Greystoke: The Legend of Tarzan, Lord of the Apes (1984) – Hugh Hudson


The Oscar-nominated Greystoke: The Legend of Tarzan, Lord of the Apes is the next film suggestion from the Sci-Fi Chronicles as I continue my time with Edgar Rice Burroughs most famous creation, in this version portrayed by Christopher Lambert. This film is based in more reality than earlier explorations of the character, and by turns is dark, sad, and always lushly produced. There is gorgeous scenery, great matte work, Rick Baker and his team did some fantastic work in the makeup department, it’s all accompanied with a gorgeous score by John Scott.

In 1885, Lord Jack Clayton (Paul Geoffrey), and wife, Lady Alice Clayton (Cheryl Campbell), are shipwrecked and left to fend for themselves in the jungles of Africa. After the birth of their young son, John aka Tarzan, Alice succumbs to the fever that has taken hold of her, and Jack is killed by an ape. Instead of being killed, one of the apes, who recently lost a child, takes the newborn as her own, raising the boy as a white, hairless ape.

As the boy grows amongst the apes, he fights for acceptance, and also becomes an extraordinary mimic, able to reproduce any sound he is exposed to, he learns to use a knife, reclaimed from the jungle home of his dead parents, and establishes himself as a dominant alpha amongst the beasts. Things are upset for him, as an English hunting party, lead by the Belgian captain, Philippe D’Arnot (Ian Holm) come traipsing through the woods.


When the hunting party is decimated by local tribesmen, D’Arnot eludes them, and is rescued by Tarzan. Philippe teaches him to speak, educating him as best he can, and eventually encourages the ape-man to accompany him back to civilization, to England, and to meet his relatives, who, as the duo travel homewards, have been informed of his imminent arrival. The Earl of Greystoke (Ralph Richardson) is delighted at the discovery of his grandson and happily welcomes him into his home, where he meets the estate’s ward, Jane Parker (Andie MacDowell, who looks lovely in the role, but can’t compare to the acting talent around her, sadly).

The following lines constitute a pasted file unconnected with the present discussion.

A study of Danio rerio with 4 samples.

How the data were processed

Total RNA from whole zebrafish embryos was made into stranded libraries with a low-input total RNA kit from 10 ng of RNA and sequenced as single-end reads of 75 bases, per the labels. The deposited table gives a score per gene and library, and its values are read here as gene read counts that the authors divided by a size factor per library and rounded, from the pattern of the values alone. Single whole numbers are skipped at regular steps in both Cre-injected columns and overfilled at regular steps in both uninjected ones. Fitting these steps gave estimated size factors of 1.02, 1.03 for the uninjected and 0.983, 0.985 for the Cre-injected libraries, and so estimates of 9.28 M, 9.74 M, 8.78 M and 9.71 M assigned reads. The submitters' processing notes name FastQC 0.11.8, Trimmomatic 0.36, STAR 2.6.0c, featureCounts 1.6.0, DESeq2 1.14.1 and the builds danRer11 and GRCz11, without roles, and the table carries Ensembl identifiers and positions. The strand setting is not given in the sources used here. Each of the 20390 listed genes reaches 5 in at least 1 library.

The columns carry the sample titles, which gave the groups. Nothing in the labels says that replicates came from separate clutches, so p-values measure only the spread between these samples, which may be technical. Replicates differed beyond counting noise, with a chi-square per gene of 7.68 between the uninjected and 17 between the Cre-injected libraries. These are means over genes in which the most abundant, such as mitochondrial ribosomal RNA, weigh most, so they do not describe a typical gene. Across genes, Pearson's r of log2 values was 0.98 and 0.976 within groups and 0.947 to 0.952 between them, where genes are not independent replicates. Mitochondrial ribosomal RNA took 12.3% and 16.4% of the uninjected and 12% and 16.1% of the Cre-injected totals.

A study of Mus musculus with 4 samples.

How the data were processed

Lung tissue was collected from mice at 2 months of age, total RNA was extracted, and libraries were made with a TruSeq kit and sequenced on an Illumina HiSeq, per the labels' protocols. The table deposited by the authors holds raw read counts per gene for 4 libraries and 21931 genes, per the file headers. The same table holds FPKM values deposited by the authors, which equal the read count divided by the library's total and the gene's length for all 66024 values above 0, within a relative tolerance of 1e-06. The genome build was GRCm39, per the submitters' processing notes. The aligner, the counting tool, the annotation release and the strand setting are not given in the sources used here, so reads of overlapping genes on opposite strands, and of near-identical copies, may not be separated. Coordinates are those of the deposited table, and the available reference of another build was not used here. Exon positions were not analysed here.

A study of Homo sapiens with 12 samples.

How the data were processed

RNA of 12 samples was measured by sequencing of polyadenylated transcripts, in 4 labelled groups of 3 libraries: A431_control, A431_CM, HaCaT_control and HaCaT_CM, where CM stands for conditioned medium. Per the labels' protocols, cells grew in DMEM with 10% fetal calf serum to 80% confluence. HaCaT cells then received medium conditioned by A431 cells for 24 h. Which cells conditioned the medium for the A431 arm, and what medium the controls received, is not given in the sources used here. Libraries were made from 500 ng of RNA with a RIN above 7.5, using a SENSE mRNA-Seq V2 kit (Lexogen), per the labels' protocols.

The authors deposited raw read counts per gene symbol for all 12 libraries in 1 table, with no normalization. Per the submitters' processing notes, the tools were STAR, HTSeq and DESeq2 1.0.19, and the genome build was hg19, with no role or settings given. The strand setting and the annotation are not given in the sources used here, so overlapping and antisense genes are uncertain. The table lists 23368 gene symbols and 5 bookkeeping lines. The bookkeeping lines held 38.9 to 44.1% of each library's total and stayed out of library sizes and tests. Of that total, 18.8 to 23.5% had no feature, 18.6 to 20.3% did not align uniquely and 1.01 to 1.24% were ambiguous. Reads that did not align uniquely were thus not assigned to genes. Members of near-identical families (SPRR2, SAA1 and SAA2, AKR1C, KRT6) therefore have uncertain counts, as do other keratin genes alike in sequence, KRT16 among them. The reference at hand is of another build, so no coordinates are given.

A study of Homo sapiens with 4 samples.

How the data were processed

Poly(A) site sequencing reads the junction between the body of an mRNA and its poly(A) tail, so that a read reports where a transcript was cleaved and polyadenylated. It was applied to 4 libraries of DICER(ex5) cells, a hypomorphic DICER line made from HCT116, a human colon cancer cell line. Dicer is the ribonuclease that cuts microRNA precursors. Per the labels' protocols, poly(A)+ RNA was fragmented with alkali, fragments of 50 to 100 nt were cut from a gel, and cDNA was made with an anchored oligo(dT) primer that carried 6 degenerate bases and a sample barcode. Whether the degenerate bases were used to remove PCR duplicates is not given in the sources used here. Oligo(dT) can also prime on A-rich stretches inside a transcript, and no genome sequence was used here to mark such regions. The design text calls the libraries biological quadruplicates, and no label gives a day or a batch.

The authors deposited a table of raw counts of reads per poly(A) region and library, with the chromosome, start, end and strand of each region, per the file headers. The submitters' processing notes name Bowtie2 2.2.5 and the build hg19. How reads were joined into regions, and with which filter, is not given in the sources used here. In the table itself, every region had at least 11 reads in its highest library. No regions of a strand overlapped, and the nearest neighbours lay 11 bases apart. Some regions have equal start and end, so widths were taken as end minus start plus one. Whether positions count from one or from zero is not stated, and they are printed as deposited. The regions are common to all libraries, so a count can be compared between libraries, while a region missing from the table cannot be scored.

Charles (James Fox) is rather upset by the connection and attraction that Jane and John seem to share, as he has designs on her himself, and everything seems to pinwheel out of control as John is exposed to ‘society’ and ‘civilization’ which may end up seeming crueller than the world he left behind. He quickly finds the only real joy he has in the world is in the jungle, and the only real happy emotions he feels centers around Jane…

The film looks gorgeous, and the production value is all there on the screen, with beautiful sets, locations, costumes and makeup. A far more faithful adaptation of the original story than has been presented on-screen before, but I think that may have surprised some folk who were expecting lots of swinging from trees and fights with jungle animals. It’s a strong, gritty, and occasionally depressing film, a far cry from the high adventure that most fans associate with the name Tarzan.